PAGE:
Getting a budget passed is always a challenge for either party, particularly in an election year. Republicans regularly skipped passing a budget resolution during election years before they lost their majorities in 2006, and a dispute over a domestic spending freeze President George W. Bush sought to impose that year resulted in gridlock as a band of moderate Republicans refused to vote for domestic appropriations bills.
The failure to get Congress most basic business done was one of the arguments Democrats used to oust Republicans from office that year.
Both parties, meanwhile, have maneuvered this decade through assorted budget gimmicks to elude spending caps, and Democrats worried about cuts to favored programs in the regular bills could be assuaged by off-budget spending in the forthcoming emergency jobs bill, in the Afghanistan war supplemental or by shifting spending to off-budget mandatory programs.
Republicans generally reacted warmly to the proposed freeze but planned to dig through the budget to find whether it was a freeze in name only. But they, like Kaptur, pointed out that the idea covered only a small percentage of overall federal spending and would do little to reduce deficits expected to top $1 trillion a year.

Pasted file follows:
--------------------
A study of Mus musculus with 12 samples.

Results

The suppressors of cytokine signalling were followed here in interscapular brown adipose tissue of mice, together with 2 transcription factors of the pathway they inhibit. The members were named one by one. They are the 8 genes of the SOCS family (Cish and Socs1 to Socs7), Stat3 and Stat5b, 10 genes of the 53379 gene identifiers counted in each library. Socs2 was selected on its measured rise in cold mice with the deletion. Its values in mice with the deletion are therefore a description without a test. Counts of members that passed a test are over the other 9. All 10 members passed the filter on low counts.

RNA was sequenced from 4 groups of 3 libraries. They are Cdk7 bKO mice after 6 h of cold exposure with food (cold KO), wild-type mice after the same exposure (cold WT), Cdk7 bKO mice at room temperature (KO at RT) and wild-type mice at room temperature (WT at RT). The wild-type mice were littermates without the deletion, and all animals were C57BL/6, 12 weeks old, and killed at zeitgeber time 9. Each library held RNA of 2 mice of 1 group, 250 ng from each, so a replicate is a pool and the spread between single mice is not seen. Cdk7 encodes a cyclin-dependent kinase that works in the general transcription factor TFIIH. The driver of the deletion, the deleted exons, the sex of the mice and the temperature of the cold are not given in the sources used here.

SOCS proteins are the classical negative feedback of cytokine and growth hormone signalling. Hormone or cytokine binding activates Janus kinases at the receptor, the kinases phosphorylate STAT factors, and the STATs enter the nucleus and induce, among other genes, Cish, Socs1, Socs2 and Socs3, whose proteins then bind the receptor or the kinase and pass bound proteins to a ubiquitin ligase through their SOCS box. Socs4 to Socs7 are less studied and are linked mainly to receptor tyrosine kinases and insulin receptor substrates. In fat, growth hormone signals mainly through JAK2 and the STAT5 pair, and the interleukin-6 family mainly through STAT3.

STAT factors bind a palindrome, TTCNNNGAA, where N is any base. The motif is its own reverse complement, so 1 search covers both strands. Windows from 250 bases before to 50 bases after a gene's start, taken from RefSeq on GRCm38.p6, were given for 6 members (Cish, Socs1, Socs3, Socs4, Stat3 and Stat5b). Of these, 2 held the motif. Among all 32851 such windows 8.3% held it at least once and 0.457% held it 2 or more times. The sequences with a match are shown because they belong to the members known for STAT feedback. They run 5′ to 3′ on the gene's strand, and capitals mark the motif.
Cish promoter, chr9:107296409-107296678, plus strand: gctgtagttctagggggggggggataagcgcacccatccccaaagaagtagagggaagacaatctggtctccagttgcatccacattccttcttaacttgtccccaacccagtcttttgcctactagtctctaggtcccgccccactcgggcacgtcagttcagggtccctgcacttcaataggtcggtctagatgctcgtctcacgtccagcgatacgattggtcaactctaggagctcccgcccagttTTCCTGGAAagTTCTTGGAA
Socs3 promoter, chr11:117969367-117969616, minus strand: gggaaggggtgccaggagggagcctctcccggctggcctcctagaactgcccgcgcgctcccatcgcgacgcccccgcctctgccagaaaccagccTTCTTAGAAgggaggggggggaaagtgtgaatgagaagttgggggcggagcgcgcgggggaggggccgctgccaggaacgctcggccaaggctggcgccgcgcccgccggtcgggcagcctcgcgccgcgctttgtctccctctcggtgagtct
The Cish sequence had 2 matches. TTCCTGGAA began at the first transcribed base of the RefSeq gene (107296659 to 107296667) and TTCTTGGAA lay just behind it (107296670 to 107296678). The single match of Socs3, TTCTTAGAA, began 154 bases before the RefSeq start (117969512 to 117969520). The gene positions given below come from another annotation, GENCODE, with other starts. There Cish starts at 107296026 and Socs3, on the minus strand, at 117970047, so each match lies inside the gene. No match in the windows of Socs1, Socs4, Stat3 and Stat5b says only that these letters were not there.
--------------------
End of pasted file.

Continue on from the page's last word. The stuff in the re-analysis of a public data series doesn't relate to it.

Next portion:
But even if the GOP supports the spending freeze, its Members arent likely to support Obamas budget viewed as a political document in the end.
Votes aside, the fiscal 2011 budget process may be idling for a while. Democrats are focused on finishing a health care bill and want to leave open the option of passing it through budget reconciliation rules approved last year. Those rules would allow Senators to bypass a filibuster but expire once the fiscal 2011 budget is passed.
The budget resolution is supposed to be finished by April 15, although Congress routinely misses that date.